Cologne PV workshop: A life in the day of a solar module


This year’s annual workshop (Photovoltaik-Modultechnik in the official German), which is jointly organized by TÜV Rhineland and the Energy Agency NRW in Cologne, hosted some 150 experts from the German PV industry on Monday and Tuesday this week.

The focus of the event was on topics related to increasing the lifetime of solar modules as well as the avoidance and identification of failures in photovoltaic systems.

Axel Herguht from the University of Konstanz reported on the latest results on the regeneration of highly efficient PERC solar cells, which show a significant degradation in their performance within the first year of operation under illumination if they are not specially treated.

Three presentations highlighted the advances in fault detection of solar modules using thermography and electroluminescence. Bernhard Weinreich of Hawe Engineering reported that they were now able to successfully identify more than 40 different failure mechanisms by means of specific "error signatures" in thermographic images of solar systems.

The results, which Markus Schweiger from the TUEV Rhineland presented on the temperature dependence of the performance of different module types (both crystalline and thin film), were very revealing.

TÜV Rhineland operates free-field test sites at five different locations around the world, which are located in different climatic zones. By means of time-resolved irradiation, temperature and power measurements on the modules over several years, the climatic influence on the energy harvest of solar modules could be quantified in different climatic zones on a comparable basis.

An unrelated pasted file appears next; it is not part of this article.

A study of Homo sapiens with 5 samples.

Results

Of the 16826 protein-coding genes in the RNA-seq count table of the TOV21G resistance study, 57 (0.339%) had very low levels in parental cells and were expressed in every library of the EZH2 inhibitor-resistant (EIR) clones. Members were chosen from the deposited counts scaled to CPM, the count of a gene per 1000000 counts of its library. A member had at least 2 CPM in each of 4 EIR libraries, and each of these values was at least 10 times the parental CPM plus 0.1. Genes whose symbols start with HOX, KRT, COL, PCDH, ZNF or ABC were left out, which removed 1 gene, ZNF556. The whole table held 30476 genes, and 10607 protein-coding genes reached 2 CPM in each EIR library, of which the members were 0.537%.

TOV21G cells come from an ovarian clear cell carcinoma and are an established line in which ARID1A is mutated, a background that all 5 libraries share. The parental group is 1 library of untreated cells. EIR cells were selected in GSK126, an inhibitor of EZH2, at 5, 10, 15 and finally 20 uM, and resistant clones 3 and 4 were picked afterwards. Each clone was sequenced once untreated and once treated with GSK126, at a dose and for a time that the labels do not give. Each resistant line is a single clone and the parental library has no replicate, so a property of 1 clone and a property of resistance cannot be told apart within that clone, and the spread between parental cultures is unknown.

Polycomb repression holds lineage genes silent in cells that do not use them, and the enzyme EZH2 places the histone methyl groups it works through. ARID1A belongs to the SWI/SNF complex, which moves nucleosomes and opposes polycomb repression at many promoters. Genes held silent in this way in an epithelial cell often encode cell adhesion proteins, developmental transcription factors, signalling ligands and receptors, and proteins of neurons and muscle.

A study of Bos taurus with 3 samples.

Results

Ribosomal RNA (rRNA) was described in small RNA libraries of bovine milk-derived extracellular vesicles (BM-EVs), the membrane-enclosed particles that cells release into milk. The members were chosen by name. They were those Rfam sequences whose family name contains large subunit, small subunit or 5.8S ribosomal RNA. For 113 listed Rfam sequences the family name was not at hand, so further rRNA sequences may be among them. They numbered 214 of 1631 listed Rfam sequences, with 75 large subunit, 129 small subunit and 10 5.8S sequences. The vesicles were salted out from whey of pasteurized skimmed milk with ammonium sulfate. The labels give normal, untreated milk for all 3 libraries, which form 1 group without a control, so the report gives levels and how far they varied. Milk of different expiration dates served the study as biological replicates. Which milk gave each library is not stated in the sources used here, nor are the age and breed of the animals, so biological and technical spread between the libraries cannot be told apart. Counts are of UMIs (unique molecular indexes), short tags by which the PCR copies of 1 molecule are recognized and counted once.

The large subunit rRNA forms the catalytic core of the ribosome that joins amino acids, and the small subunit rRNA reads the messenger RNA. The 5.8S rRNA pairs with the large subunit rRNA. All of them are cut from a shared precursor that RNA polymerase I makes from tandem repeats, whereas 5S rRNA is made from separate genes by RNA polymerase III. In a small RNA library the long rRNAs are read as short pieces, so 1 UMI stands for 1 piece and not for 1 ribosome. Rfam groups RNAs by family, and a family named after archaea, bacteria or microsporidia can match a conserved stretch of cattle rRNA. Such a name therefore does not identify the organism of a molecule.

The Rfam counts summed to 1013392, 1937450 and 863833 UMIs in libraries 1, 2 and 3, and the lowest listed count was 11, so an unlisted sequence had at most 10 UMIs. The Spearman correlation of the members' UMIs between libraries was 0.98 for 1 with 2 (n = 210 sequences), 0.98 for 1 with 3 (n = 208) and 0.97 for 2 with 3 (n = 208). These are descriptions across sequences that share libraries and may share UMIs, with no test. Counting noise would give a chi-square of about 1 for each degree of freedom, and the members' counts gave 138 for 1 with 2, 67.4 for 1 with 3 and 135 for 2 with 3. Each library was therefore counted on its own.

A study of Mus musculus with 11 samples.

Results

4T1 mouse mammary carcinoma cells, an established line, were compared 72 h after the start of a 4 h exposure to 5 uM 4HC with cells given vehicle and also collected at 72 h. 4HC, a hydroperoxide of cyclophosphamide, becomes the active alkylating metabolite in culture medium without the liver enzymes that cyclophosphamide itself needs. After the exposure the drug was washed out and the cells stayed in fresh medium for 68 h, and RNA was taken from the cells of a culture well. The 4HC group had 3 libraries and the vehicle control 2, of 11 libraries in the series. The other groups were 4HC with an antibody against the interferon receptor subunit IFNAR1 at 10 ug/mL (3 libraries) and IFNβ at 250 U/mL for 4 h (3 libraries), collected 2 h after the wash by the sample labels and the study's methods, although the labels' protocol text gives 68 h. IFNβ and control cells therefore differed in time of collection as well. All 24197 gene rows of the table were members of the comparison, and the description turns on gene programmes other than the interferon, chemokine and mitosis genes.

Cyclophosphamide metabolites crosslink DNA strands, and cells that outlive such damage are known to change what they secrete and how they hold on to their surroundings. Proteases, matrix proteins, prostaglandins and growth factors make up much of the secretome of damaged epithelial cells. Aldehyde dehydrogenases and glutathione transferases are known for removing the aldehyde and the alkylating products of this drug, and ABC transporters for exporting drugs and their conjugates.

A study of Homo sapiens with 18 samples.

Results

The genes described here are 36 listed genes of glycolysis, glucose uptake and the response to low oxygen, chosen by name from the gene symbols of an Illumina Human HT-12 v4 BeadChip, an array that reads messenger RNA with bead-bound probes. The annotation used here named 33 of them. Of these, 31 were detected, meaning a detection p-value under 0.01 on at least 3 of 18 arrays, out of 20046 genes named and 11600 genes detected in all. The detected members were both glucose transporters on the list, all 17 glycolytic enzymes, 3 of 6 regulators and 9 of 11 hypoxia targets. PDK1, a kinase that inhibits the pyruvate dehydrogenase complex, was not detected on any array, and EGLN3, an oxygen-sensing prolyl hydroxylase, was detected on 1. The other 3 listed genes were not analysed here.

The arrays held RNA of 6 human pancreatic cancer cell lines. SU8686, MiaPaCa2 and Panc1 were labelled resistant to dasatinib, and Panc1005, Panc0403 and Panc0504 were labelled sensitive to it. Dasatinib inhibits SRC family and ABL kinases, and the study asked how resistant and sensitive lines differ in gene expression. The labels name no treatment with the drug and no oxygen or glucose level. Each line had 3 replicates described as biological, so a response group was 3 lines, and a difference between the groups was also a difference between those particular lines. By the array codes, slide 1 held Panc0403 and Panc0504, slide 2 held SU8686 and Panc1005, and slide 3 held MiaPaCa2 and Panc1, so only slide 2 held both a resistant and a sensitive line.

The results by Markus Schweiger are helpful with regard to the task of adapting solar modules to achieving the maximum energy yield under specific climatic operating conditions that prevail in a given climatic zone. In the hottest locations, such as the Arizona and India, the temperature-dependent yield losses vary between 5-10% compared to the reference values measured at standard test conditions (25 degrees Celsius), depending on which technology is being applied to both cells and modules.

The growing professionalism of the solar industry can be seen in the fact that the failure causes are now much better understood, and so target-oriented countermeasures can be taken. The increasing relevance of PV in the electricity grid in individual countries and their intelligent coupling with storage devices will be one of the key topics at the next TÜV-Modulworkshop scheduled for the end of 2017.